Why the CEO of STEMCELL Technologies supports the Canadian Stem Cell Strategy & Action Plan
While most of us struggle to accomplish one thing in life, Dr. Allen Eaves has conquered three. A successful research scientist (he advanced the understanding of chronic myelogenous leukemia) and a clinician who made a significant impact on patient care (he founded one of the first and largest bone marrow transplant programs in Canada), Dr. Eaves now runs STEMCELL Technologies, the largest biotech company in British Columbia.
These days, Dr. Eaves sees himself primarily as “a businessman … and a philanthropist.” When he turned 65 in 2006, he had to retire from the University of British Columbia, where he was a professor, and the Vancouver General Hospital, where he had served as Head of Hematology, and from the internationally renowned Terry Fox Lab that he founded in 1981.
“I decided then to move over to STEMCELL and devote myself to growing the company.”
He started his company in 1993, raising the $1 million needed by mortgaging the family home and taking out a Western Economic Diversification loan. What began as an eight-person operation now employs 600 people, most of whom work in Vancouver, manufacturing high-quality cell and tissue culturing media and tools used by researchers around the world.
“Our tagline is ‘Scientists Helping Scientists’ and that’s very genuine,” says Dr. Eaves. “If a competitor has a better product, we will tell the scientists they should go with it. But we also feed that information back to our R&D group and come up with an even better product.”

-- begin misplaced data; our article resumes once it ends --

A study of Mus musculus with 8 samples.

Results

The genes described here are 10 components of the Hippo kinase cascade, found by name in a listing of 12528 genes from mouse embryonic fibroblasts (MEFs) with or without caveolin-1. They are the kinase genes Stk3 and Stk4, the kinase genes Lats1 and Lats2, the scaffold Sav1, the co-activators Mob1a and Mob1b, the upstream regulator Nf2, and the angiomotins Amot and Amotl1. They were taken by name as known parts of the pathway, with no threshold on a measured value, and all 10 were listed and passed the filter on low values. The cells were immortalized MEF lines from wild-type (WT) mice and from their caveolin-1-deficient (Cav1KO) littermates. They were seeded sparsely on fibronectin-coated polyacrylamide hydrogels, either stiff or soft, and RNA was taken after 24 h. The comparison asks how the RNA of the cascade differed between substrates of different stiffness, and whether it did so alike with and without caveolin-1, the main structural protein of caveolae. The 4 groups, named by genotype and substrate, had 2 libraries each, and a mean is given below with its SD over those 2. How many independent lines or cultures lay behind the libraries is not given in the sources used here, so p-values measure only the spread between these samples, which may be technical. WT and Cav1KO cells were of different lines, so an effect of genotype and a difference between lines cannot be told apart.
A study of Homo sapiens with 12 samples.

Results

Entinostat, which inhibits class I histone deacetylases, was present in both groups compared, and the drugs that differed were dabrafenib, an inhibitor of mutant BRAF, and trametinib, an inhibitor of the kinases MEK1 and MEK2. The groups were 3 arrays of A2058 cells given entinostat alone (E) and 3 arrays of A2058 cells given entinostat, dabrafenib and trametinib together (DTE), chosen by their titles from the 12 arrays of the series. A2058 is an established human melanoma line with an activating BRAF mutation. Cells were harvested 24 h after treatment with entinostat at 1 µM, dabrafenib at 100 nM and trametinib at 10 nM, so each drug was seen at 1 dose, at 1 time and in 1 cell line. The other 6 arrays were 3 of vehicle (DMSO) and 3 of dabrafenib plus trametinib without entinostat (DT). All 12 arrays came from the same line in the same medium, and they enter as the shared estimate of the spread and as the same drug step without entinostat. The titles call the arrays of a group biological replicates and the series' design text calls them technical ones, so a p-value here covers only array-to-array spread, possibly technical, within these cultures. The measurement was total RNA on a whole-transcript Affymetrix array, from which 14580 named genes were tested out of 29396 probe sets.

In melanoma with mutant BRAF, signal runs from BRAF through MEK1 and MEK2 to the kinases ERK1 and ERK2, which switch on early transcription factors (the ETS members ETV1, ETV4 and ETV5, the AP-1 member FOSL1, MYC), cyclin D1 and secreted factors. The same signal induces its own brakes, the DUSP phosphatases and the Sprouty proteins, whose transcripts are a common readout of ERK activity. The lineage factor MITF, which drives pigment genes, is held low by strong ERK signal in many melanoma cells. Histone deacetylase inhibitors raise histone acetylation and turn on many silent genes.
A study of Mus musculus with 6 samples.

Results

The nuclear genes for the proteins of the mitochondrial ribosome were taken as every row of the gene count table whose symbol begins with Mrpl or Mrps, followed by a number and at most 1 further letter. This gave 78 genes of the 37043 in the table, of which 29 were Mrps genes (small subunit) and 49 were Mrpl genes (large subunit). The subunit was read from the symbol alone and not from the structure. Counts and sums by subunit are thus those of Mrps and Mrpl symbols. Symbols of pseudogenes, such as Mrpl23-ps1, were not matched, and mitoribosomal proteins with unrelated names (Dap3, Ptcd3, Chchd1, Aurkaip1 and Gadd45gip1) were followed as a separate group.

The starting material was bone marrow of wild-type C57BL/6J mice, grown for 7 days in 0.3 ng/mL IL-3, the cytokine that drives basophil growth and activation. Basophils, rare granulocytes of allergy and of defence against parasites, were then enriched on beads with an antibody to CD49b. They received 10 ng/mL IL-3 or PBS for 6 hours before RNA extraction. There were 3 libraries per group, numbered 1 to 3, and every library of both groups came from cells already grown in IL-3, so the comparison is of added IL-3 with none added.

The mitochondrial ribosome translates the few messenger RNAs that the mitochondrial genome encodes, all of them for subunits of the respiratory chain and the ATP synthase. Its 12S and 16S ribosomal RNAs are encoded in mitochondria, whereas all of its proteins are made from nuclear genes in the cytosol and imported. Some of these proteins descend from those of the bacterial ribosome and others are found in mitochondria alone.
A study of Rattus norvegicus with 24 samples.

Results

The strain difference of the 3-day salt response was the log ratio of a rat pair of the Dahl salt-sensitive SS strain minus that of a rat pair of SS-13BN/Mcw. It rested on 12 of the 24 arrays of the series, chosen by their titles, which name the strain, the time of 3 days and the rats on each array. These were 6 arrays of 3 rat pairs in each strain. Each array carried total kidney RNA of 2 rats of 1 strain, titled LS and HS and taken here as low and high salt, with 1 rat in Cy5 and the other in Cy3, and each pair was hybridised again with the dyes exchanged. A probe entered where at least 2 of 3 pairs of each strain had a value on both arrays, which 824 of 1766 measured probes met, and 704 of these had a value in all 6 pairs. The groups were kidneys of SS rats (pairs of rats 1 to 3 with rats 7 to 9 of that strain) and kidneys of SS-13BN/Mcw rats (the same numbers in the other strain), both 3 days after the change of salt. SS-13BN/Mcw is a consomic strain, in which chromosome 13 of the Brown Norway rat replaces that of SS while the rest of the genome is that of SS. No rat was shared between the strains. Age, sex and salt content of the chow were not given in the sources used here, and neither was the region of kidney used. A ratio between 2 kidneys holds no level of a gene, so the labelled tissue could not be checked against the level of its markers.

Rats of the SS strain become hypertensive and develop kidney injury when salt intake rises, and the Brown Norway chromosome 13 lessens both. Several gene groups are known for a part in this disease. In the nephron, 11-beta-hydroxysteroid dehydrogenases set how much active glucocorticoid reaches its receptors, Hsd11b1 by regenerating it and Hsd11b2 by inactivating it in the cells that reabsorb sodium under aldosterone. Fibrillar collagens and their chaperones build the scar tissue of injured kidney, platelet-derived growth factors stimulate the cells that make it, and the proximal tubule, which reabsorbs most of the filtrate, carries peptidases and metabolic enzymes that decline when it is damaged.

The helpful approach is working: Dr. Eaves expects STEMCELL to hit $100 million in revenues this year. Much of that money will be ploughed back into research and development — the company has a 100-person research department. But Dr. Eaves also invests a significant portion of his profits in stem cell research. He is a major supporter of the Canadian Stem Cell Foundation as both a member of the Board of Directors and a founding Till & McCulloch Leadership Circle member.
Beyond finding treatments for devastating and currently incurable diseases, stem cell-based therapies could help solve the problem of an overloaded health care system, says Dr. Eaves. And he uses the practical example of hip replacements: “Why can’t we figure out how to recoat and fix up arthritic joints so we don’t have to replace them? We should be able to resurface them with stem cell-derived cartilage. That would be simpler and could be done earlier in degenerative arthritis. And then we wouldn’t have to replace people’s hips. That’s the sort of practical thing you would like to see happen. That’s what we need to be thinking about.”
He also believes that to succeed in the coming revolution, Canada needs the Stem Cell Strategy & Action Plan, which aligns the scientists doing the research with the industry leaders who can commercialize it and with governments supplying necessary funding to make it happen. “You need the whole spectrum of activities,” he says.
“Stem cell technology is going to revolutionize medicine; that’s the reality. Medicine will be delivered by cells and we will be using cells to repair the body. There is this huge potential out there.”